Monkey King: Hero is Back (don't laugh) has broken box office records in China since its release on 10 July, grossing 730 million yuan ($117.6m) and handily beating Kung Fu Panda 2 as China's highest-ever earning animated feature: http://www.animationmagazine.net/features/monkey-king-hero-is-back-sets-chinese-animation-record/
>>237718 The authorities are pretty hands-off when it comes to censorship, it's more about terrifying filmmakers into making changes themselves than fiddling around directly. One of the quirks of the Chinese film market is that there is no rating system - no age restrictions, no parental guidance, no nothing. The state film board ("SARFT") either clears a movie for everybody or clears it for nobody, there is no in-between. SARFT's guidelines for what is allowed and what isn't are arbitrary and known only to them, so filmmakers are left to second-guess what SARFT will greenlight and what they won't. For example, it's a-okay for wee tykes to see Japanese soldiers bayonetting babies out of pregnant stomachs, but it's probably best to leave on that one frame of two ladies in a Shanghai nightclub kissing on the mouth on the cutting room floor, that sort of thing. For a long time Chinese studios shied away from time travel because SARFT criticised how it indulged in nostalgia for despotic feudal pasts, and there was a general fatwa against ghosts because of official edicts against belief in the supernatural. Nevertheless, you will still see the occasional movie, TV show or novel that gleefully delights in ghosts and time travel...because there is no official restriction that can resist the power of bribery. 70% of the current box office smash Monster Hunt was reshot because the main star (Kai Ko) was arrested on drug charges and SARFT rules state that movies should not star actors indicted of offences. But two movies that starred Kai Ko were released after his arrest just fine with no official backlash. Why? Search me. Whether SARFT allows or bans a movie seems largely dependent on whether the censor had a cooked breakfast that morning.
One thing you may notice about all of these projects is the heavy emphasis on traditional Chinese fantasies and fairy tales and kung fu hijinks. Very little modern day concepts, very little sci fi, very little based on anything outside China's borders. You may remember some years back that the Chinese media establishment had a bit of a collective nervous breakdown over the break-out success of Kung Fu Panda (especially the sequel). Even before that, Chinese filmmakers and opinion-formers have had a bee in their bonnet about Disney's and Dreamworks' ability to package a flanderised chop suey version of their culture and somehow sell it to Chinese audiences better than Chinese companies themselves could. It prompted a lot of soul-searching, a lot of incompetent attempts at aping the Dreamworks style in a passive-aggressive way, and most importantly a concerted attempt to study what the secret to Kung Fu Panda's was and see if they could tap into something uniquely Chinese that offered the same appeal. I'm sure, once Chinese studios have found their feet and created their own homegrown success stories, they'll start to branch out into fresh areas and experiment with concepts that can strike a chord with the international market.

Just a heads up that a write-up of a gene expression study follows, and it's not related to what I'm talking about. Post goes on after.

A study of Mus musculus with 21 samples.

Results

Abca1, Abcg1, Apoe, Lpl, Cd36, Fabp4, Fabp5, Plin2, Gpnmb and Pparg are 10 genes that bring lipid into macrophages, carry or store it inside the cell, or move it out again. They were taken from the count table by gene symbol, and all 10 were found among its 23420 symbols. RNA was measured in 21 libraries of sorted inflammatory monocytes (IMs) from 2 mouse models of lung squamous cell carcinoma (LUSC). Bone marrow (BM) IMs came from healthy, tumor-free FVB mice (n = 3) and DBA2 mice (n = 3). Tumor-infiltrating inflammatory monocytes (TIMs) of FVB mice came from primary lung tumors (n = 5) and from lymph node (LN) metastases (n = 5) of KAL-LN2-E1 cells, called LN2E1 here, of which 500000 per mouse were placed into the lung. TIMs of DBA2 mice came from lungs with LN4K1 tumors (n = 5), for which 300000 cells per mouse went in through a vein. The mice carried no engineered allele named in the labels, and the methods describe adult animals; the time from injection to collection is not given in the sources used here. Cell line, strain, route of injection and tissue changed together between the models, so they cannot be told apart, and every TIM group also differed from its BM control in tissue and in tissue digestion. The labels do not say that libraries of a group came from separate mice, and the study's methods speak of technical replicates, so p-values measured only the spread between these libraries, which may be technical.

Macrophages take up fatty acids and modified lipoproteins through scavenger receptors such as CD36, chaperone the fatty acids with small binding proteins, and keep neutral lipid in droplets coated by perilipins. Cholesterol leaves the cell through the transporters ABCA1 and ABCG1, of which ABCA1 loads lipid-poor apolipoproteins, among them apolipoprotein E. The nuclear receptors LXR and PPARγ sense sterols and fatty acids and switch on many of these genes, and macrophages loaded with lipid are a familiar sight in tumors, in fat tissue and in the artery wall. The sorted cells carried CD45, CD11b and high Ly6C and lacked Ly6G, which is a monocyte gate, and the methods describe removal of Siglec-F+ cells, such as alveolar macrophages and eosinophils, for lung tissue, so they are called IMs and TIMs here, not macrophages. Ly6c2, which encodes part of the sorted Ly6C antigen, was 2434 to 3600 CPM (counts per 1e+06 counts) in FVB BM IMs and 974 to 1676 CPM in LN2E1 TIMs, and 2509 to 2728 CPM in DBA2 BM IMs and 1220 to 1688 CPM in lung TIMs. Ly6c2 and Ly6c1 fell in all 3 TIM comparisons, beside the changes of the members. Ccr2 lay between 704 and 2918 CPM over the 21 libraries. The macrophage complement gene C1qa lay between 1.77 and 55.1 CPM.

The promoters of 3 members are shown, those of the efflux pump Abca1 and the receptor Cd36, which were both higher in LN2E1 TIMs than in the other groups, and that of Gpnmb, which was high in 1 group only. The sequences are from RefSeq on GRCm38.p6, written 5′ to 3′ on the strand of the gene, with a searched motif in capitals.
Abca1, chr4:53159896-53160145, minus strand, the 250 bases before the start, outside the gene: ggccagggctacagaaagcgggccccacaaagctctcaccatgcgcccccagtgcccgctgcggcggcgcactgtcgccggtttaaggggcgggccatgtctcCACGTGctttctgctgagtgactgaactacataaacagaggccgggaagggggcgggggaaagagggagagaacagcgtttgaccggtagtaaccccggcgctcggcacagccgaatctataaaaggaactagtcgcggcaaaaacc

I think part of the nineties aesthetics have to take in the kind of gravitation to geometric design and clean gray shades that came from the architecture and interior decoration considered professional. The kind of stuff they saw as cutting edge technology back then. There was a lot of office aesthetics that were considered earmarks for technology, as a sort of counter to the RADICAL social design.
It's a sort of growth from designs started in the eighties, but slimmed down and brightened for the nineties.
>>237664 The diversification of media and sub-cultures in the '90s does make it hard to pin down a distinctly '90s "style", but if we're sticking with kids' stuff I do agree there was a tangible shift towards "XTREEEME!" concepts and trappings. More specifically, the co-opting of rebellious imagery by corporations and the establishment to either sell brands or push conformist messages (y'know, "radical dudes don't do drugs", that sort of thing). Kids my age didn't buy it because the stuff being pumped out was always a bit too sleek and colourful (before the grime filter came down in the noughties). It was like a game we all played with the brands being shoved on us, where we took pride in being smarter than the media we consumed and yet still consumed it, which is where the "irony" part comes in.
One of the things I really like about this show is every now and then they produce a contextualizing episode. At first I wasn't overly fond of Historical Friction, but then I realized it was meant more to shine a light on Pearl than stand on its own.
They're basically directly addressing the issues fans had been complaining about with this sort of demonstration that Pearl had flaws and it was starting to bother them. Which, honestly, is fairly clever story telling in its own right, but still, it made me develop a further appreciation for what they're doing.